We are operating at reduced capacity due to COVID-19 Alert Level Three restrictions. Please only call our 0800 number if someone is at serious risk of harm or has been seriously injured, become seriously ill, or died as a result of work.
For other notifications please complete our online forms at Notify WorkSafe.
WorkSafe New Zealand says businesses must actively identify and control risks that could kill or maim their workers.
In the Christchurch District Court, Sullivan Packaging Ltd was fined a total of $52,000 and ordered to pay $20,000 reparations after a worker was trapped unconscious in a machine he was carrying out maintenance on after an unlocked metal plate collapsed on him. The company pleaded guilty to two charges under section 6 (failing to take all practicable steps to ensure the safety of its employees while at work) of the Health and Safety in Employment Act (1992).
The worker died the next day after a coronary episode.
“Our investigation found systemic failures, including a limited understanding of risk identification and management. Without an established safe work system, the company relied on workers knowing what to do when operating or maintaining their equipment,” said WorkSafe Chief Inspector, Keith Stewart.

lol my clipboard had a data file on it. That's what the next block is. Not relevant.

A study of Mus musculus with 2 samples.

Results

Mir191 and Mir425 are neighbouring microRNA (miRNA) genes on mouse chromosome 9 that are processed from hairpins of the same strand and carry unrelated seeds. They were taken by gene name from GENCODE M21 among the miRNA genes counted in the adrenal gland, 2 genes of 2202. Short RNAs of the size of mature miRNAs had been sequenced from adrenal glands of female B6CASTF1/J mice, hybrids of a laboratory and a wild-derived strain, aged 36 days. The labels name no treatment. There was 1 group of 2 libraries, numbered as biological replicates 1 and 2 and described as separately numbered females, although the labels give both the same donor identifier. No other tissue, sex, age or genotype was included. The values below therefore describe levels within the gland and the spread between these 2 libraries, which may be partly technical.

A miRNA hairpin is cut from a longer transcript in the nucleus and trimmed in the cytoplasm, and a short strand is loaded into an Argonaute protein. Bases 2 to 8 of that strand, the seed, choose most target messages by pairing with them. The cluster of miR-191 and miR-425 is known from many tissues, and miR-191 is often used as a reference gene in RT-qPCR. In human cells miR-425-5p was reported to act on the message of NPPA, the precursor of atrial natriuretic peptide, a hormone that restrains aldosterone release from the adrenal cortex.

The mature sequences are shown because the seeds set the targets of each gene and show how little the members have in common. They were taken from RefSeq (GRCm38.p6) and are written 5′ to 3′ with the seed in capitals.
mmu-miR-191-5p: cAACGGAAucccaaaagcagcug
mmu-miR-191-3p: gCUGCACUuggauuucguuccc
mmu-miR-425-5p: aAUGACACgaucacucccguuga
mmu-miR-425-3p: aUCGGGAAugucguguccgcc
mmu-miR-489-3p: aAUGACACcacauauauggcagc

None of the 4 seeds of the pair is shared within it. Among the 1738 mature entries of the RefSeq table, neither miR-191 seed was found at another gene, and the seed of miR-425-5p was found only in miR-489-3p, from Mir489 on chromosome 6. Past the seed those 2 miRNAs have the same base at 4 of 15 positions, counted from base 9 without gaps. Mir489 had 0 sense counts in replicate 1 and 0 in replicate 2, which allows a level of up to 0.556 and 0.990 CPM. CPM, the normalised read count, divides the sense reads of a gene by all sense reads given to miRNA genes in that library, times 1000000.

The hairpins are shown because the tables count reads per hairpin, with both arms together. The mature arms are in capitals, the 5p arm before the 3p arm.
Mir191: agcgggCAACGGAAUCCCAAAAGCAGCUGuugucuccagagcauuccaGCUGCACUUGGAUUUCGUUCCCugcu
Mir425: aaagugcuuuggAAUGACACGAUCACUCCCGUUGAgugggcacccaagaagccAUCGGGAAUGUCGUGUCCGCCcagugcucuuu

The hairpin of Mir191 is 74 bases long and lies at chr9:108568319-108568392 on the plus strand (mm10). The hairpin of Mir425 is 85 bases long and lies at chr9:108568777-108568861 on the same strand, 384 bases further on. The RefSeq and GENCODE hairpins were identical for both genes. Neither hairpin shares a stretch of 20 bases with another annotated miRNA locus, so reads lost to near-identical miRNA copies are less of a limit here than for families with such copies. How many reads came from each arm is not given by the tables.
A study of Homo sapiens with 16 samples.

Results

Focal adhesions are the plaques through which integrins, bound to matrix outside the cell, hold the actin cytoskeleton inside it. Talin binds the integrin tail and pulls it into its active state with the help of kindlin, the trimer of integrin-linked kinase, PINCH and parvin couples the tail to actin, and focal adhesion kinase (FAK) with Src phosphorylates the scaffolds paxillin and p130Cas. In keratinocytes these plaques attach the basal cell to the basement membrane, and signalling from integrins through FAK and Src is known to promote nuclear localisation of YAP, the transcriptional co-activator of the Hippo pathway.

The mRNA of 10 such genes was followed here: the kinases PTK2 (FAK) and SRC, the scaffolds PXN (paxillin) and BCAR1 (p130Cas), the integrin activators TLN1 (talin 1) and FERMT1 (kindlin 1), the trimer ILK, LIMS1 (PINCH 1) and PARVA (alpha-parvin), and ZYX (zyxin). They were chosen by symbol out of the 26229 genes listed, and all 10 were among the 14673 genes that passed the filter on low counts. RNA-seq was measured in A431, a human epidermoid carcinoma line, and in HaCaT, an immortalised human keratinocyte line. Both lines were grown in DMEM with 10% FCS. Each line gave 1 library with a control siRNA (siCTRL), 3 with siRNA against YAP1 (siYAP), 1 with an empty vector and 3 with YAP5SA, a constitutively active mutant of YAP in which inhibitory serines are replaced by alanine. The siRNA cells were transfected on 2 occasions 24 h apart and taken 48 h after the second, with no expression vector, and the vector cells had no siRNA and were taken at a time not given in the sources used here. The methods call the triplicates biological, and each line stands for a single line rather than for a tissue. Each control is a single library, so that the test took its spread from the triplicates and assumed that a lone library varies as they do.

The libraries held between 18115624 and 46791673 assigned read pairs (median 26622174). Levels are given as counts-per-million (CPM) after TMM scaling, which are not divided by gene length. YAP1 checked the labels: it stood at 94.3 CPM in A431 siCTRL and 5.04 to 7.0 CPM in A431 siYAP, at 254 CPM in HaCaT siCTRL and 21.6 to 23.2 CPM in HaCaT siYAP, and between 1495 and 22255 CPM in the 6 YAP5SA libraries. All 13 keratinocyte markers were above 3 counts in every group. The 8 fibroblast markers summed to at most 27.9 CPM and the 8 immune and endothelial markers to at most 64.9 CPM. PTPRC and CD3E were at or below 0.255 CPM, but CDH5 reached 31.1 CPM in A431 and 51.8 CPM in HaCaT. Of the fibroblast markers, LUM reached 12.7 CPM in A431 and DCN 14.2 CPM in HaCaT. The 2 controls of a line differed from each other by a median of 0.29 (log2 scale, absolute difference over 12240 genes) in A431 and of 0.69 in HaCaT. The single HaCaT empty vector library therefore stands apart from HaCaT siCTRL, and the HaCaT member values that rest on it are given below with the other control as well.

“WorkSafe was concerned to discover two other machines with faulty safety devices while investigating this tragic incident. One of them was involved in a serious incident in 2007 and the company had not ensured that worker’s safety was protected.
“This is unacceptable behaviour – workers’ health and safety must always come first,” Mr Stewart said.
“The key to keeping people safe at work is having a system in place to identify and manage a business’s workplace risks. Once risks are identified, clearly identifying the relevant controls, such as defining standard operating procedures, and implementing them is critical.
“Never assume that protective devices are working. Always monitor them and continue working toward designing risk out of the workplace where possible,” add Mr Stewart.
WorkSafe’s investigation found the business:
- lacked an understanding of its critical risks
- should use locks or other isolation devices to make it clear that equipment is out of service for repair
- needed to better monitor its known risks and control measures
- needed a health and safety system to help manage health and safety in their workplace.
Notes - The first charge relates to the fatality and the second charge to the discovery of the faulty machinery.
The fine per charge per was $26,000.